Bronislaw Maliniowski claimed in his monograph "Argonauts of the Western
Pacific" that to approach the goal of ethnographic field-work, requires a
"collection of ethnographic statements, characteristic narratives, typical
utterances, items of folk-lore and magical formulae ... as a "corpus
inscriptionum", as documents of native mentality".
This book finally meets Malinowski's demand. Based on more than 40 months
of field research the author presents, documents and illustrates the
Trobriand Islanders' own indigenous typology of text categories or genres,
covering the spectrum from ditties children chant while spinning a top, to
gossip, songs, tales, and myths. The typology is based on Kilivila
metalinguistic terms for these genres, and considers the relationship they
have with registers or varieties which are also metalinguistically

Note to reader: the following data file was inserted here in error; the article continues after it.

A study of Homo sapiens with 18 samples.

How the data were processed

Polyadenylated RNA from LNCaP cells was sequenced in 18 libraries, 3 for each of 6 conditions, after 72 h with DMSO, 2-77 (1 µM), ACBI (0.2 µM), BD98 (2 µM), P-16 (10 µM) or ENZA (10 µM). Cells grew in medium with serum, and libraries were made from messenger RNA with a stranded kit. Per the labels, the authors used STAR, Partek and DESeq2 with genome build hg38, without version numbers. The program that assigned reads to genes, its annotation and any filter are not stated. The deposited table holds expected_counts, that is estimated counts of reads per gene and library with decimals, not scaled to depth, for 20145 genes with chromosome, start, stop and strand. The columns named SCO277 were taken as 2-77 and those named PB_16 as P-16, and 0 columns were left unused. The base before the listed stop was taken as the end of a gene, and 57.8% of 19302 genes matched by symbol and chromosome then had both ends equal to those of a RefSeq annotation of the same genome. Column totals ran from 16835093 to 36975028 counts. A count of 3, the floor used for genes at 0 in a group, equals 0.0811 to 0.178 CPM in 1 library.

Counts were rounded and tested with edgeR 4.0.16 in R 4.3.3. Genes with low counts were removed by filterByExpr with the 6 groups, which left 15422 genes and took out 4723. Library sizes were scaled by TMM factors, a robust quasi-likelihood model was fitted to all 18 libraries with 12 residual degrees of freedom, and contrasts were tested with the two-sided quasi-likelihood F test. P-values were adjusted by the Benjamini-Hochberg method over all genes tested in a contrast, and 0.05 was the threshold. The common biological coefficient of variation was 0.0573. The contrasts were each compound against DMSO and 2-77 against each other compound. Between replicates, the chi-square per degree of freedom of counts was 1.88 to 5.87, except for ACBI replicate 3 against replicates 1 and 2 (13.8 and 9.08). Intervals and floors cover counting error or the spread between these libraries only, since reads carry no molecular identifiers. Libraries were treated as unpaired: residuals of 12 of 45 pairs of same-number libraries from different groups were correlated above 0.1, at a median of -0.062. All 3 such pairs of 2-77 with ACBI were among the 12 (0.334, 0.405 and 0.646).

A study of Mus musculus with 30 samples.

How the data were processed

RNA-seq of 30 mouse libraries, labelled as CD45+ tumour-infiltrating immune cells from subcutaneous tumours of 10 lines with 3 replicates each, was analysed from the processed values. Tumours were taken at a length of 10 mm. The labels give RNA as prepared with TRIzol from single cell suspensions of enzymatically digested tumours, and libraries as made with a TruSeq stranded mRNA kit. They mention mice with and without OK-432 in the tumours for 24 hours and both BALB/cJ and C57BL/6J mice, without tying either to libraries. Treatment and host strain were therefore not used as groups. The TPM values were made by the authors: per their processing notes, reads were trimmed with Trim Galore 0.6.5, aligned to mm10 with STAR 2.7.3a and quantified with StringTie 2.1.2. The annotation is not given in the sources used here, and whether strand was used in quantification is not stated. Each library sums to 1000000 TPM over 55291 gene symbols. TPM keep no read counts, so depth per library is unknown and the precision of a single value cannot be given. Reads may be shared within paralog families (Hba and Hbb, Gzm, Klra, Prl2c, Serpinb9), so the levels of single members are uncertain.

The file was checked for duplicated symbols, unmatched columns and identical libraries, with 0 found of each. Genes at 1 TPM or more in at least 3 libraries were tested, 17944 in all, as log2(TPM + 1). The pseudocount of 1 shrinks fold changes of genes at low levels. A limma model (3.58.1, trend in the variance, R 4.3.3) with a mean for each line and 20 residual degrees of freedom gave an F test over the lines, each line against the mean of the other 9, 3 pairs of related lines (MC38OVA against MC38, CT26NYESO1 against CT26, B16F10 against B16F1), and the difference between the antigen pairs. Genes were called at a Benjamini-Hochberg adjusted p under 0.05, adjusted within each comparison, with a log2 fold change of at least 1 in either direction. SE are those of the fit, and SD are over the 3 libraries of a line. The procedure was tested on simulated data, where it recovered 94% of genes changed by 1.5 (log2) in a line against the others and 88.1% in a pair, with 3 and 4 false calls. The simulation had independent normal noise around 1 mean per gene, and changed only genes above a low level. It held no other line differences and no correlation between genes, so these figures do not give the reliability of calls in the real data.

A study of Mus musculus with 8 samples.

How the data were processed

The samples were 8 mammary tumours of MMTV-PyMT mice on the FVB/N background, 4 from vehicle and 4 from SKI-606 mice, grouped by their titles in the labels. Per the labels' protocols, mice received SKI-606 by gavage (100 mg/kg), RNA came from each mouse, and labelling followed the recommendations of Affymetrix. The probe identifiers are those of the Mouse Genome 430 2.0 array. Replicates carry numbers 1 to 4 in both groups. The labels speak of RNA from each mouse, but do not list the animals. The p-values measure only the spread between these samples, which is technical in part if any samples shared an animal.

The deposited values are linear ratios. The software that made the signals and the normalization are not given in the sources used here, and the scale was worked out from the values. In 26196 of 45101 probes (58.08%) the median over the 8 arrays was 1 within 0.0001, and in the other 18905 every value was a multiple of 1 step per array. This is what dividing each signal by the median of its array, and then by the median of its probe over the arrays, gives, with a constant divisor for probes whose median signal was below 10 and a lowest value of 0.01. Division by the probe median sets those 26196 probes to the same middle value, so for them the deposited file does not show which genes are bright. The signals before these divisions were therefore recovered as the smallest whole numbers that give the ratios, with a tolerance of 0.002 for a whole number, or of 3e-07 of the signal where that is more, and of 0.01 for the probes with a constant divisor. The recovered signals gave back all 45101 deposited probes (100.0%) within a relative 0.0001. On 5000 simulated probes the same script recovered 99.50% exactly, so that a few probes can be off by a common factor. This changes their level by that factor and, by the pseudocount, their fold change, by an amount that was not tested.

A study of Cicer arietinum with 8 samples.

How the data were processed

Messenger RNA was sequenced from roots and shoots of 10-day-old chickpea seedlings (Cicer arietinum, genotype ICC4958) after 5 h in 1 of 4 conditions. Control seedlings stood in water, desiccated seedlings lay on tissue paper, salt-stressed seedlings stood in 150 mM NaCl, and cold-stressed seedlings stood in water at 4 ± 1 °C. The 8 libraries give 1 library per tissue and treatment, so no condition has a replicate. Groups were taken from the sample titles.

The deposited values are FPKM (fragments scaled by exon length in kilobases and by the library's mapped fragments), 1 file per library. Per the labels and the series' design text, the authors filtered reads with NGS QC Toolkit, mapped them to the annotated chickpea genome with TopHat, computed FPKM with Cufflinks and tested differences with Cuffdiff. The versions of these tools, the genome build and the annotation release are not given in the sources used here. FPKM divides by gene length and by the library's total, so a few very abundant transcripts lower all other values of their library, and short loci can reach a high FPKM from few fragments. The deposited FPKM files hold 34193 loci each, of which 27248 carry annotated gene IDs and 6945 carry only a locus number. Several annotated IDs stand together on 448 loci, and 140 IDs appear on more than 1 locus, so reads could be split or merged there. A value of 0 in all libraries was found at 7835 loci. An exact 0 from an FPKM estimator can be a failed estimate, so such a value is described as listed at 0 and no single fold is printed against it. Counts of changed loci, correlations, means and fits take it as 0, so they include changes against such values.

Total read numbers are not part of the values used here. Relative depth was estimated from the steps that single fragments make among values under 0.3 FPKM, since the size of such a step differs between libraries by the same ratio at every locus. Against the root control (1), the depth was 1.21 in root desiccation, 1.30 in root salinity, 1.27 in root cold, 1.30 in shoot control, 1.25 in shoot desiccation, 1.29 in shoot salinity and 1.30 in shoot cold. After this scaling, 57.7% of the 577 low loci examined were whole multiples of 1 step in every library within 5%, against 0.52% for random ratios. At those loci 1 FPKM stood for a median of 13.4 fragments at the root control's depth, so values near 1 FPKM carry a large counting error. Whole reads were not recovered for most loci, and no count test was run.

distinguished by the native speakers of this language.
Rooted in the 'ethnography of speaking' paradigm and in the
'anthropological linguistics/linguistic anthropology' approach, the book
highlights the relevance of genres for researching the role of language,
culture and cognition in social interaction, and demonstrates the
importance of understanding genres for achieving linguistic and cultural
In addition to the data presented in the book, its readers have the
opportunity to access the original audio- and video-data presented via the
internet on a special website, which mirrors the structure of the book.
Thus, the reader can check the transcriptions against the original data
recordings. This makes the volume particularly valuable for teaching
purposes in (general, Austronesian/ Oceanic, documentary, and
anthropological) linguistics and ethnology.